What is Stewardship, Really?
July 16, 2012
As concern over human interactions with the environment has increased over the past few decades, "stewardship" has become a buzz-word in the evangelical community. When asked about a Christian's responsibility for the environment, a pastor might even give the vague response, "Well, we are called to be good stewards of Creation." But what does this word stewardship actually mean? Especially in modern times, when the Church is contemplating its role in the global warming and environmentalism debate, how should we define the idea of stewardship?
The church I’m a member of recently started a new group called the Green Team to focus on environmental stewardship. As a member of the group, I along with the rest of the team have been looking at Genesis to try and get a handle on what Christian environmental stewardship looks like, and we've been finding some interesting results.
To identify what Christian environmentalism entails, we’ve taken a close look at what often-cited scriptures are actually saying on the topic. Instead of using only the modern traditional translations such as the TNIV or NRSV, we have been using a variety of translations, including what's known as a “mechanical translation,” in our search for what the Bible has to say about stewardship. A mechanical translation of text attempts to translate each Hebrew word into its literal English counterpart and uses definitions that place each individual word within its ancient cultural context.
Here's how Genesis 1:28 reads in the NIV: “God blessed them and said to them, ‘Be fruitful and increase in number, fill the earth and subdue it. Rule over the fish of the sea and the birds of the air and over every living creature that moves on the ground.’"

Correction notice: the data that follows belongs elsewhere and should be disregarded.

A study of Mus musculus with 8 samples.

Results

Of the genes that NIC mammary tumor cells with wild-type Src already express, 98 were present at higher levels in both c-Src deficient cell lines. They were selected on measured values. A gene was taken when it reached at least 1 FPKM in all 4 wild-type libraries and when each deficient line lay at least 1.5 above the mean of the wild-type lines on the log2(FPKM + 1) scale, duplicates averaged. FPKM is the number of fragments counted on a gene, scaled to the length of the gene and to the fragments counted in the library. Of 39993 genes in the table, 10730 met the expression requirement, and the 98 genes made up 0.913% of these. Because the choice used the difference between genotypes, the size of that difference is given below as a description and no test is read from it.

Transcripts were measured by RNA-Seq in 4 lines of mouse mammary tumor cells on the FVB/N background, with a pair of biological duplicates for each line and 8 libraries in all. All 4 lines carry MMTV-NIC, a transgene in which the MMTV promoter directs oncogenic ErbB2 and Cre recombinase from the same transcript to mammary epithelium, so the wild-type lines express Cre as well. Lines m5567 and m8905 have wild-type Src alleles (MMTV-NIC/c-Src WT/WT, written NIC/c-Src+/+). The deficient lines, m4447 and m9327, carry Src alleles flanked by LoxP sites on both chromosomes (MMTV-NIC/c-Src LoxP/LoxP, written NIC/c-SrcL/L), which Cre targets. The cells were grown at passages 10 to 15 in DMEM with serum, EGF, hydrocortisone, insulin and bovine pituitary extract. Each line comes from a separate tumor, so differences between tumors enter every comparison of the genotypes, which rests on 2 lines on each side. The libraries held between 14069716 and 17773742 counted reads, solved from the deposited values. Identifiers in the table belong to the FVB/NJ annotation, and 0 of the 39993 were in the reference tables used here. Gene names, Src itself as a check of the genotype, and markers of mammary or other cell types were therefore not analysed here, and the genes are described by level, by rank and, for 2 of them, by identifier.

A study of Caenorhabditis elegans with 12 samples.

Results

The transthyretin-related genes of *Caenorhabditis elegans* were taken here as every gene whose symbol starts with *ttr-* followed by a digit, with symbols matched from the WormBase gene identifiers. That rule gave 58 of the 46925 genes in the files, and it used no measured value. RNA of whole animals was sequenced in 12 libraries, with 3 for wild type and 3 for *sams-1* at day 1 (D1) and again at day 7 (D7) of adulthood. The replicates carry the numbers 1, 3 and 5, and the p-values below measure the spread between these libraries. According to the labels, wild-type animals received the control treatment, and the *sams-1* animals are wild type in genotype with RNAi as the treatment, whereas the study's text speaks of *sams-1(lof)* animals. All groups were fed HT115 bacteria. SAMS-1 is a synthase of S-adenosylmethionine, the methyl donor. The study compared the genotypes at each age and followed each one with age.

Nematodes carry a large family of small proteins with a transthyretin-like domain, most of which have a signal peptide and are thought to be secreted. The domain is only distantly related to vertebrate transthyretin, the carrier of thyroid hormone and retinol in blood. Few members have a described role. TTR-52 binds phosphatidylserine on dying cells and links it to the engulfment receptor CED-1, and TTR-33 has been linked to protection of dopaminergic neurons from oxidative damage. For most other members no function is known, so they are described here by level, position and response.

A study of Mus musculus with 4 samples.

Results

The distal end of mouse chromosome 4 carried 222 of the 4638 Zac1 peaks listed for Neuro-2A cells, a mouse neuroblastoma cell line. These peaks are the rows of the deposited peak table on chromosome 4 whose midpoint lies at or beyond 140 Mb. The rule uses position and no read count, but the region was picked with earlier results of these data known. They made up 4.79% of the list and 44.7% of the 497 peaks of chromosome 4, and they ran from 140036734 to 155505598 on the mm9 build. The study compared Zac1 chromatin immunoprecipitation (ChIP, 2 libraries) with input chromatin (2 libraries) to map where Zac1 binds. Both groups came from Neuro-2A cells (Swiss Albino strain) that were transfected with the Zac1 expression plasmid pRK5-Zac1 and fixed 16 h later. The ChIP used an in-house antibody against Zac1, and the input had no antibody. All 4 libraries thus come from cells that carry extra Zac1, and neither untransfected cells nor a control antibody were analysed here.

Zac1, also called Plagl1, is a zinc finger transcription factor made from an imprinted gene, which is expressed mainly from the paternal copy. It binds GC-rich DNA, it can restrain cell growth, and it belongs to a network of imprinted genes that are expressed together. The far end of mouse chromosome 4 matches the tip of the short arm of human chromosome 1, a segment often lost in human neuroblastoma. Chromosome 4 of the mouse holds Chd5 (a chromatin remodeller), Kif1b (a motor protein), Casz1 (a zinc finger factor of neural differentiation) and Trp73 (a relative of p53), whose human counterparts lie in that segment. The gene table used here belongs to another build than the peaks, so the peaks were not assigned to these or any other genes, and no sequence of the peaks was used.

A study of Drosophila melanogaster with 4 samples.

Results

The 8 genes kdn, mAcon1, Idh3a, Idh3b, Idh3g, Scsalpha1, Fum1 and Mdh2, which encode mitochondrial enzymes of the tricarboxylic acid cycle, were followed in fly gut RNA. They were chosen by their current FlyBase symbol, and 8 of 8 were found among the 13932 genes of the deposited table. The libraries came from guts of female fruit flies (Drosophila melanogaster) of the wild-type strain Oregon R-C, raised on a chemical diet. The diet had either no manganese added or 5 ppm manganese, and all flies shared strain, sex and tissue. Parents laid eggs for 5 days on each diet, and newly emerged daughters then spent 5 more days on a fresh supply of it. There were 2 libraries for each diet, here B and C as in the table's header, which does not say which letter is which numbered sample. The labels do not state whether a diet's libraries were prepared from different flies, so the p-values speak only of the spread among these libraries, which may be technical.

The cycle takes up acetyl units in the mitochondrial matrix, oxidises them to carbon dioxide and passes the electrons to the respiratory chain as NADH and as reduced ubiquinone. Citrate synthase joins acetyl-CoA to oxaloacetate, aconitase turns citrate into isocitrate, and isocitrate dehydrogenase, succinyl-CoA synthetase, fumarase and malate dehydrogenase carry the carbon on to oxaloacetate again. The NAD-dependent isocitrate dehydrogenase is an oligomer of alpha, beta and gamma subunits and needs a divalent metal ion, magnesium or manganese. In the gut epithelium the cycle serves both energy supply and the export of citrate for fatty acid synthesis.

This is what the mechanical translation looks like: and he will Kneel / At them / Powers / and he will Say / to them / Powers / Reproduce / and Increase / and Fill / At / the Land / and Subdue her / and Rule / in Swimmer / the Seas / and in Flyer / the Skies / and in All / Life / the Treadings / Upon / the LandAnother important verse is Genesis 2:15. The NIV translates: “The Lord God took the man and put him in the Garden of Eden to work it and take care of it.”
And the mechanical translation reads: and he will Take / He exists / Powers / At / the Human / and he will make Deposit him / in Garden / Pleasure / to Serve her / and to Guard her
The team identified four words that are especially important to these verses in the context of environmental stewardship: subdue, rule, serve and guard. In the ancient Hebrew lexicon, these words had different connotations than ours today. "Subdue" meant to place the foot on the land in the sense of subduing it. "Rule" implied leadership by walking among one's subjects. And interestingly, the word "serve" is the same one used in other parts of the Old Testament to describe the religious duties and responsibilities to the Tabernacle. "Guard" is translated later as “keep” in Numbers 6:24: "The Lord bless you and keep you."
These seemingly four simple words are actually packed with meaning and significance that can easily be missed in today's modern translations. The particular vocabulary used by the author of Genesis suggests a profound and intimate relationship between Man and Creation, something that mirrors God's relationship with Man and the Tabernacle.
As Christians living in a culture that has serious impact on the environment, we need to ask ourselves as individuals and as a community if we are following these four words.
By breaking down these early passages of scripture the Church can be given a more complete idea of what stewardship means, and for the individual believer, by examining their own life, the commands of Genesis can be made more clear. Am I subduing by placing my foot on the land? (Do I appreciate creation? Do I walk with an understanding of God’s power and majesty?) Am I ruling by walking in Creation? (Do I involve myself in the environmental discussion? Do I make an effort to understand my role in caring for what God has given us?) Am I serving the Garden like I would serve God's Temple? Am I guarding as I would want God to bless and keep me? By applying these ideas and asking these questions in our own lives, environmental stewardship becomes a more real way to follow some of God’s earliest commands.
May we subdue, rule, serve and guard like the stewards we were intended to be.